Large aquatic reptiles known as ichthyosaurs appeared in the oceans about 250 million years ago after the Permian mass extinction. These reptiles looked like fish but breathed air like dolphins and whales.
While scientists have theorized that ichthyosaurs were top predators in their ocean ecosystems like killer whales or great white sharks, there has been little direct evidence to support this theory.
But now, in a new study from UC Davis, scientists are describing the fossilized remains of a five-meter ichthyosaur that swallowed a four-meter reptile just before its death.
The 240 million-year-old remains of the ichthyosaur Guizhouichthyosaurus were discovered in 2010 in Guizhou province, China.
The fossils represent the earliest evidence of a large animal preying on another large animal, or megapredation.
“We have never found articulated remains of a large reptile in the stomach of gigantic predators from the age of dinosaurs, such as marine reptiles and dinosaurs,” said study co-author Professor Ryosuke Motani. “We always guessed from tooth shape and jaw design that these predators must have fed on large prey but now we have direct evidence that they did.”
When the fossil skeleton was first uncovered, researchers noticed a large bulge of other bones within the animal’s abdomen. Upon further analysis, they identified the smaller marine reptile as a thalattosaur called Xinpusaurus xingyiensis, which was lizard-like in appearance with four paddling limbs.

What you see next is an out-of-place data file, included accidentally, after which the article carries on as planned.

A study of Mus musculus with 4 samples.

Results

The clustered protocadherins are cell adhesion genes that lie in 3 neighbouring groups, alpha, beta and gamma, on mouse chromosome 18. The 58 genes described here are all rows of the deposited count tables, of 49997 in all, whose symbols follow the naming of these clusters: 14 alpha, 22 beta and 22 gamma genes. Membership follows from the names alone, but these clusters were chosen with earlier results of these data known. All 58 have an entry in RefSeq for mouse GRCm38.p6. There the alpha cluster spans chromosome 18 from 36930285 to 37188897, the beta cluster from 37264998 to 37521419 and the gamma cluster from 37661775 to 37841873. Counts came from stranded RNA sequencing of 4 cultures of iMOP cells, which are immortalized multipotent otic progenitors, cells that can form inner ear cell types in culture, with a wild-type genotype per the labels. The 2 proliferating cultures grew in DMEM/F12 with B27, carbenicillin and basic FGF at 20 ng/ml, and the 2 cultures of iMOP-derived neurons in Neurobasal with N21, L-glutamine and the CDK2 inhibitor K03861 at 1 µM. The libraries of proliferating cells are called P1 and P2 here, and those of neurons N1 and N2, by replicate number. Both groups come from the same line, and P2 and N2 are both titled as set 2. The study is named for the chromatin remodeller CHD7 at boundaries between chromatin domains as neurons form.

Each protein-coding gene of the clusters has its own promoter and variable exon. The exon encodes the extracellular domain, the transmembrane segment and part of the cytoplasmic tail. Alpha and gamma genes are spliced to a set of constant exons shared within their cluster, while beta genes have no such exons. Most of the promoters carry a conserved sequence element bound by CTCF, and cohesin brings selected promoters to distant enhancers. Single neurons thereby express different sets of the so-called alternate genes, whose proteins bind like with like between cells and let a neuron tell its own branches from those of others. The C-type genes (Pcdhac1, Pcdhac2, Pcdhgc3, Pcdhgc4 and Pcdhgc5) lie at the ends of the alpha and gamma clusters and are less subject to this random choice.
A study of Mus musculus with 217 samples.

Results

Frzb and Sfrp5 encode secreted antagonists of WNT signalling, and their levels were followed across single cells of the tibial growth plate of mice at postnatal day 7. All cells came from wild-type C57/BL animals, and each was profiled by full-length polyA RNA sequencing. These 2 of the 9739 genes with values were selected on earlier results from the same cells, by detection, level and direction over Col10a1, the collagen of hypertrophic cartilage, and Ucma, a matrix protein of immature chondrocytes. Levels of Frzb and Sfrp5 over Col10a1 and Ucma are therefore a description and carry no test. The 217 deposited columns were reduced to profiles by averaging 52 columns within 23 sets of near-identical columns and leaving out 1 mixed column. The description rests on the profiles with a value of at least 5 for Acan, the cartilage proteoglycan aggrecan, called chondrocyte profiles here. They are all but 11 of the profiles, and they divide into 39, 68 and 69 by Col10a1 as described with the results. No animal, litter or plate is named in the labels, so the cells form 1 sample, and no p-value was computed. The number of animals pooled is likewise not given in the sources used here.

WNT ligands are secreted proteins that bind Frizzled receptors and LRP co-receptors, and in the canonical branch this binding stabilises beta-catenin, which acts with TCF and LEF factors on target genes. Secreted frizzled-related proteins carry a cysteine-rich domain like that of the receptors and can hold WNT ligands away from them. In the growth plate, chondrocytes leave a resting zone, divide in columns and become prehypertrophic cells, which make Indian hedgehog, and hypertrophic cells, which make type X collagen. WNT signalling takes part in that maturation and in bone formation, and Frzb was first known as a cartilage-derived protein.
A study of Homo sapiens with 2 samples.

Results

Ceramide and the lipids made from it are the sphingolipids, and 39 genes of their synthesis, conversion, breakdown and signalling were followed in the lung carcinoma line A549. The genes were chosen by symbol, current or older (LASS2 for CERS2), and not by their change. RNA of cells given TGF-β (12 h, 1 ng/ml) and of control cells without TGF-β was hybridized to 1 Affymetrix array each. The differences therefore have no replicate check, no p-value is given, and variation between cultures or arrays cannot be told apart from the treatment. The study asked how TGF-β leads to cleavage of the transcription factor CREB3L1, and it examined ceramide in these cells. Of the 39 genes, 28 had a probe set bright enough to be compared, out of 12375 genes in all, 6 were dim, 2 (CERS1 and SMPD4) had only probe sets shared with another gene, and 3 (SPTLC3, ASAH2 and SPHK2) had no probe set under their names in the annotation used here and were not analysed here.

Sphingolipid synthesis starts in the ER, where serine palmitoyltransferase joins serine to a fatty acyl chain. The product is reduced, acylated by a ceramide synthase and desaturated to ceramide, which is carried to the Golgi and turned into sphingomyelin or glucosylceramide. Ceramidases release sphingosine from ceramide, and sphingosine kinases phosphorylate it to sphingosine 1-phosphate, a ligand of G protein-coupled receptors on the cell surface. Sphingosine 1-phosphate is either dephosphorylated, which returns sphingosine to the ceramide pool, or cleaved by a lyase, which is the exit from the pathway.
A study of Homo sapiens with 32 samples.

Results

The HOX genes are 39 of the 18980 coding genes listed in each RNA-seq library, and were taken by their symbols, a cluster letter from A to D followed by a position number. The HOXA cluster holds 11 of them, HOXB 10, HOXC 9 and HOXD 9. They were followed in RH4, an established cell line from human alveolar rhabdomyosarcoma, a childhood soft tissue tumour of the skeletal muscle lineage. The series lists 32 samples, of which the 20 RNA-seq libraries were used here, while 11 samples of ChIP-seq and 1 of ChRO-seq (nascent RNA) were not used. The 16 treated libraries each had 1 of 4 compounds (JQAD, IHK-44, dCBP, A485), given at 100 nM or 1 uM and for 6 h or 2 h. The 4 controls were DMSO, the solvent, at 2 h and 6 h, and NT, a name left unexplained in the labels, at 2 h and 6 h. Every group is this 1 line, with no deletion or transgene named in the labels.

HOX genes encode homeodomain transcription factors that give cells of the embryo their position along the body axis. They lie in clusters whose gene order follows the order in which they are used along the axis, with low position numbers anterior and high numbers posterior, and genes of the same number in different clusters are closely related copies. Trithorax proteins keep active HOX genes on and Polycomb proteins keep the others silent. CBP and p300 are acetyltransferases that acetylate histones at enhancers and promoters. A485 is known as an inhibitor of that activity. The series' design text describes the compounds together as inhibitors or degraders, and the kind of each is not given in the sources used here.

The predator’s last meal appears to be the middle section of the thalattosaur, from its front to back limbs. The bones of what appears to be the tail section of the prey were found nearby.
“Guizhouichthyosaurus is a genus of ichthyosaur that would not be considered an apex predator based on the traditional criteria,” wrote the study authors. They explained that its typical size range is about four to six meters in total length, although some individuals reached about 7 meters. “Its teeth lacked carinae and were not very large for the body size.”
Guizhouichthyosaurus had small, peg-like teeth that appeared to be better adapted for handling squid-like animals that were abundant in the oceans at the time. However, it’s clear that you don’t need slicing teeth to be a megapredator, said Professor Motani.
Guizhouichthyosaurus likely used a strategy that is similar to that of modern crocodiles and orca – using the force of its bite to injure the prey before ripping it apart.
The study is published in the journal iScience.